I'm done with enneagram descriptions everywhere, I feel like we live In a fantasy world or something. wtf is wrong with those descriptions ? like 5s main fear is being helpless and incapable, why tf they project him as math geek and desperate for knowledge, and 6s, yep 6s, why they must be that fearful human who is filled with anxiety, fear the air he/she is breathing and escapes from butterflies, whats wrong with those people, and 7s those extreme extroverts who are crazy and all the time his smile reaching his back from his/her optimism, does he/she always have to be that party animal? guys if anybody have descriptions that makes even a little sense send it here, rescue me please, im done, I will commit suicide.



    The tradeoff is that enneagram is extremely fantastical and looks pretty unrealistic as a result, yeah. Enneagram is only meant to characterize some specific dynamics in people’s characters. Not their entire personalities. Socionics etc isn’t either though, really, but Socionics is more multifaceted and detailed and so should be more of a realistic overall representation of a person. See how much more complicated Socionics is though, and how much more frustrated people get over Socionics as a result.


    Same with enneagram. You can't just read the first link that pops up on Google -- of course enneagraminstitute descriptions will be superficial, as they're actually a cash grab for you to take their test lol. Which is fair enough, but not really accurate. The Riso and Hudson book goes much more detailed and makes more realistic profiles of people that you can look into. All of the different books are more detailed and comprehensive than the websites.

    But your best method would be trying to type people. You may see someone, and they may obviously fit the bill for 7, and yet they may also be less of a party animal and more of a casual escapist. Or you'll see a 5 who's not a stereotypical nerd, but is actually a teenage girl who has a great desire to move out because she feels deeply uncomfortable with relying on her parents. The types are there with many variations, and observing them in people will help you broaden the preexisting definitions and help you understand them.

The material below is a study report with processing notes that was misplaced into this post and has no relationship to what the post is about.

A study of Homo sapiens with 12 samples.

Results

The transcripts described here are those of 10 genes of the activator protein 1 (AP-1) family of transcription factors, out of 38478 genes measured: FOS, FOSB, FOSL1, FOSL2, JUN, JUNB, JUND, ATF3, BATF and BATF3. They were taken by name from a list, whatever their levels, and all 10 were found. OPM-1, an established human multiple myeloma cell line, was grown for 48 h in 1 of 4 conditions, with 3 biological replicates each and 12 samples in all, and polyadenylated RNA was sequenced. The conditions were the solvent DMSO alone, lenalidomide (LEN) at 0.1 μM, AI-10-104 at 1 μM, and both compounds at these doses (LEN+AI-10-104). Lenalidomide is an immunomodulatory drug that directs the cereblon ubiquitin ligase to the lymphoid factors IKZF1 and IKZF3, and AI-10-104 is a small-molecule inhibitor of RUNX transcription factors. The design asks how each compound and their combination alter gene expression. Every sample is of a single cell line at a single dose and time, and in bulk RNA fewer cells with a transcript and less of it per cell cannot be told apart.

Honestly, enneagram helped me a lot more than socionics has done. Socionics goes more in depth with cognitive understanding, but enneagram is "of the heart", that is, it's a lot more feeling than cognition oriented. As an F type it spoke to me, and led to me improving my personal relationships as a result. I've seen a lot of thinking types here calling it useless, illogical, and wishy-washy, but to each their own.

    Edit, since you asked for descriptions:
    enneagrammer.com is better imo than the enneainstitute, even though still superficial.


    I’ve read books by a number of enneagram authors, and my personal favorite author is Helen Palmer. While she sometimes edges into the “ancient wisdom” side of the enneagram, in my opinion she has the best-defined, most accurate descriptions of enneagram types out there. She has a very analytical mind and much of what she says is informed by holding focus groups.
    She has written several books on the subject. They are all good.

    You might prefer a different author, but in any case, you have to put in your time and do real-world comparisons before this stuff starts to make sense. But once it does, it really does.
    Last edited by Adam Strange; 03-22-2020 at 03:57 AM.